Open Access Week Dates Announced

The dates for Open Access Week from 2011 onwards have been announced. From next year OA week will be the last full week of October, so the dates for the next 5 years are:

  • 2011: October 24 – 30
  • 2012: October 22 – 28
  • 2013: October 21 – 27
  • 2014: October 20 – 26
  • 2015: October 19 – 25

With this advance notice there is no excuse for not planning a full programme of events for future OA weeks. 🙂


A new preservation guide has been released from the KRDS projects.

http://www.beagrie.com/krds.php

From the release: ” KRDS is a cost framework that can be used to develop and apply local cost models for research data management and long-term preservation . . .  establishing many key “rules of thumb” for digital preservation costs and approaches to sustaining digital research data. Even those who do not wish to or cannot allocate the resources to develop local models based on KRDS are likely to benefit from its key findings and exemplars . . . ”

This provides a useful four-page summary for management discussion, as well as the larger user guide, which includes the useful case studies from Southampton, Cambridge, Kings, Oxford, UK Data Archive and elsewhere – and the model itself.

Bill

New RSP Web Site Launched

Screenshot of the brand new RSP web site

The RSP is proud to announce the launch of its new web site featuring a cleaner design and navigation structure. The aim is to make it easier than ever to find the information you need from RSP and to get in touch with us if you would like more direct help with any repository related issues.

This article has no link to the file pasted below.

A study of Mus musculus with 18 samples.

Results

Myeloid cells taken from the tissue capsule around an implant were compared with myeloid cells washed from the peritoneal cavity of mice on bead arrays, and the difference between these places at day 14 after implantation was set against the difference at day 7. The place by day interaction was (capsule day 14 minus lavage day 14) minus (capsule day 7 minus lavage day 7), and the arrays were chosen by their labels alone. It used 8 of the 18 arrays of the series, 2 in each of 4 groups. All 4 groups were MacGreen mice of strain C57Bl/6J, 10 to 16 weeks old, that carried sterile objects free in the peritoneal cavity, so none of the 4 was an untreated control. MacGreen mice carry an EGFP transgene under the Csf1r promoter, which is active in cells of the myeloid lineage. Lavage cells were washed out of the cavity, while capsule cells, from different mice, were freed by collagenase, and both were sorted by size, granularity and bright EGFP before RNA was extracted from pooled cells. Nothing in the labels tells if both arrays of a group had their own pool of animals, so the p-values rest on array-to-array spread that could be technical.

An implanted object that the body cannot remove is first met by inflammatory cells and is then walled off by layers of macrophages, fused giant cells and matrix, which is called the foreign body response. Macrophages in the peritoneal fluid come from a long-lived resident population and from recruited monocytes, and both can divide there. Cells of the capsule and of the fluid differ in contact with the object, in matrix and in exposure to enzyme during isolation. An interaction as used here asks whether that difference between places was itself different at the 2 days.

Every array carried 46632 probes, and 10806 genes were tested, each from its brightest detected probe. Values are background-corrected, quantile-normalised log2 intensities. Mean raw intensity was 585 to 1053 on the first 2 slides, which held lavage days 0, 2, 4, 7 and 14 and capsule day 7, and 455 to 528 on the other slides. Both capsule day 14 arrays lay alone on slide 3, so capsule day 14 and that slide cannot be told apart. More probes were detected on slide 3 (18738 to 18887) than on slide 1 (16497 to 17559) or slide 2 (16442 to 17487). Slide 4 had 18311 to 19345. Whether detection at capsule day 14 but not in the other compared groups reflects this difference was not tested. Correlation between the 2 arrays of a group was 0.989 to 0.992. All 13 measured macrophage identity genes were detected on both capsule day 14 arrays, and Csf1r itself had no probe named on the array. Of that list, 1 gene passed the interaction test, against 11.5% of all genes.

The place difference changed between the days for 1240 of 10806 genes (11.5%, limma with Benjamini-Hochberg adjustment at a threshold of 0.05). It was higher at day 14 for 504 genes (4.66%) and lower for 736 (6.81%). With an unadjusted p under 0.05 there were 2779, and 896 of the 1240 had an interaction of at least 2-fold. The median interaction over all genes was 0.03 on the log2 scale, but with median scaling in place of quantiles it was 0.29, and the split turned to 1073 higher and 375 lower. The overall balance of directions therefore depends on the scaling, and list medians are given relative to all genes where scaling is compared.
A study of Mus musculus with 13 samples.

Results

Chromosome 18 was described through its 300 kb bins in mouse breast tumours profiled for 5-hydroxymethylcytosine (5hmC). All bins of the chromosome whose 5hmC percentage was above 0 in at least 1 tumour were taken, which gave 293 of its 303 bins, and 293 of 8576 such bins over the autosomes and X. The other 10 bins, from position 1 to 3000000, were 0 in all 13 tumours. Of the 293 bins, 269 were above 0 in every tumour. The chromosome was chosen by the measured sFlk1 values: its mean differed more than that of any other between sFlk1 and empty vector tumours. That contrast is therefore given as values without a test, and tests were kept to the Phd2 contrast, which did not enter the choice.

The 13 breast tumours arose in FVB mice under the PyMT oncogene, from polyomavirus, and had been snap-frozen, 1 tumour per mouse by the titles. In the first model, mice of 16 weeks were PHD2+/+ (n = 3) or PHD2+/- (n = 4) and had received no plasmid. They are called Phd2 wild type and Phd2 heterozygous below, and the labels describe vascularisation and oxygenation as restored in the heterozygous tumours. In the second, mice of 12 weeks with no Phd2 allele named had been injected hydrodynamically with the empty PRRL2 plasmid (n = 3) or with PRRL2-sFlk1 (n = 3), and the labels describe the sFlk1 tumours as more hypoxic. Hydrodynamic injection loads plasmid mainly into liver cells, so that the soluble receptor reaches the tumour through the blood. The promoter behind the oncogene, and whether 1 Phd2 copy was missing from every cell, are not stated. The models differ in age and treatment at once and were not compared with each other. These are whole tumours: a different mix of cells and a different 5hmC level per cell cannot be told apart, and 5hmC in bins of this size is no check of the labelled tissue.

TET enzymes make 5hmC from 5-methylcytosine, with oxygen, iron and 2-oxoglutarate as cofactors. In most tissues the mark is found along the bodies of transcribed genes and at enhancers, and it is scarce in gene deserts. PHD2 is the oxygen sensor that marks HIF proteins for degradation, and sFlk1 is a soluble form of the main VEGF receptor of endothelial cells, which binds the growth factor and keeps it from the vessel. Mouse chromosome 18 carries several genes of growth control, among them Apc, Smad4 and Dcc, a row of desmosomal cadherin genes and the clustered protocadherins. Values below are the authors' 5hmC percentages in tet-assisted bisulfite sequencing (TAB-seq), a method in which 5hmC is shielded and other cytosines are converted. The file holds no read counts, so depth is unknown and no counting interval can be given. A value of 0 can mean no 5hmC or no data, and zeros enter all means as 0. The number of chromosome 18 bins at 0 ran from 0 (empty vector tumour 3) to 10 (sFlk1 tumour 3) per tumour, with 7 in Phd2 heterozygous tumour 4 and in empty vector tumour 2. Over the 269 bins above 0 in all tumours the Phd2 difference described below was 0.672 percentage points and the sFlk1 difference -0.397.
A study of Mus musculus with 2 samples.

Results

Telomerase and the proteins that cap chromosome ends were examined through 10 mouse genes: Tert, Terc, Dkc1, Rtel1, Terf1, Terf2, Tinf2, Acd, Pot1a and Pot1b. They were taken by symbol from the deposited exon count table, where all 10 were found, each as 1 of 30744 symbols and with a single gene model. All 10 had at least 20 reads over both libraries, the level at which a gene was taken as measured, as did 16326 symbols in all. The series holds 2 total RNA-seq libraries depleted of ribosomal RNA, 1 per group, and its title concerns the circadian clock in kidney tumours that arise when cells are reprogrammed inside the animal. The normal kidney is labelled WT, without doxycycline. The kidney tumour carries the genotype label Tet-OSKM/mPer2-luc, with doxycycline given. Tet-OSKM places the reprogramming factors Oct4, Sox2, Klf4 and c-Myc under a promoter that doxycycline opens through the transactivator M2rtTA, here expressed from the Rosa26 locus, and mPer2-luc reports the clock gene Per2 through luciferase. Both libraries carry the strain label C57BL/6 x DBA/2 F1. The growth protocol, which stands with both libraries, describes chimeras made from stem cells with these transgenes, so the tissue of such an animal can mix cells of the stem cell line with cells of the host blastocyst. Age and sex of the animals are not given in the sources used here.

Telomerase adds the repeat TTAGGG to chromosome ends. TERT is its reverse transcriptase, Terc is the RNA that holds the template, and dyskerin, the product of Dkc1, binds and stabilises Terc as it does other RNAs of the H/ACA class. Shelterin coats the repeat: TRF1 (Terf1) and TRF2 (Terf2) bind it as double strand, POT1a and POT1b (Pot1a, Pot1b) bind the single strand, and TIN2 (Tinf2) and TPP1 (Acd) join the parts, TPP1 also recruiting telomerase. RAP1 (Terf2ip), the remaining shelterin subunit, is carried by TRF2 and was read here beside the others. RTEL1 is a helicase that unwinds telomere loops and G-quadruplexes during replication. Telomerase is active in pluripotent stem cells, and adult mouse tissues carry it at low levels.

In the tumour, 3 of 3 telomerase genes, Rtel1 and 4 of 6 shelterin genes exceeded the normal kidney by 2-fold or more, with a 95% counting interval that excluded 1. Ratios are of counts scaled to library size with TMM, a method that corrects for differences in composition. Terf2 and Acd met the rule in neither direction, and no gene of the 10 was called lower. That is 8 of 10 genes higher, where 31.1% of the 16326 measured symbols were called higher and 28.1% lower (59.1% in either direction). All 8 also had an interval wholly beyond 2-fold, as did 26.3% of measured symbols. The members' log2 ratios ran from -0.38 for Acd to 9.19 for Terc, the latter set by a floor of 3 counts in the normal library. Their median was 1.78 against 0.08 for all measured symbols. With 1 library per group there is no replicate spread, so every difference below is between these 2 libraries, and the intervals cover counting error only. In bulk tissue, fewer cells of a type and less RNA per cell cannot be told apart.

Online Information 2010

http://www.flickr.com/photos/osde-info/5224484862/

This week, I’ve been at Online Information 2010 so managed to avoid the heavy snow at home. As a presenter, I had a free place so fortunately was able to stay for the whole three days. However, for a blogger this creates a problem – what do I include and exclude! So instead of trying to do that, I just want to focus on the theme highlighted by the keynote speaker, Dion Hinchcliffe, in his talk entitled “Network Shock: How the dominance of social and mobile are remaking life and business”.


Wax seal of Nathaniel Wells, a Monmouthshire Justice of the Peace

On 24th November I attended a training course organised by UKeIG on the legal issues related to Web 2.0 and cloud computing and presented by Charles Oppenheim. This was a useful reminder that while these technologies present the same legal challenges as other forms of on-line publication, such as including articles in institutional repositories, they also add their own specific complications.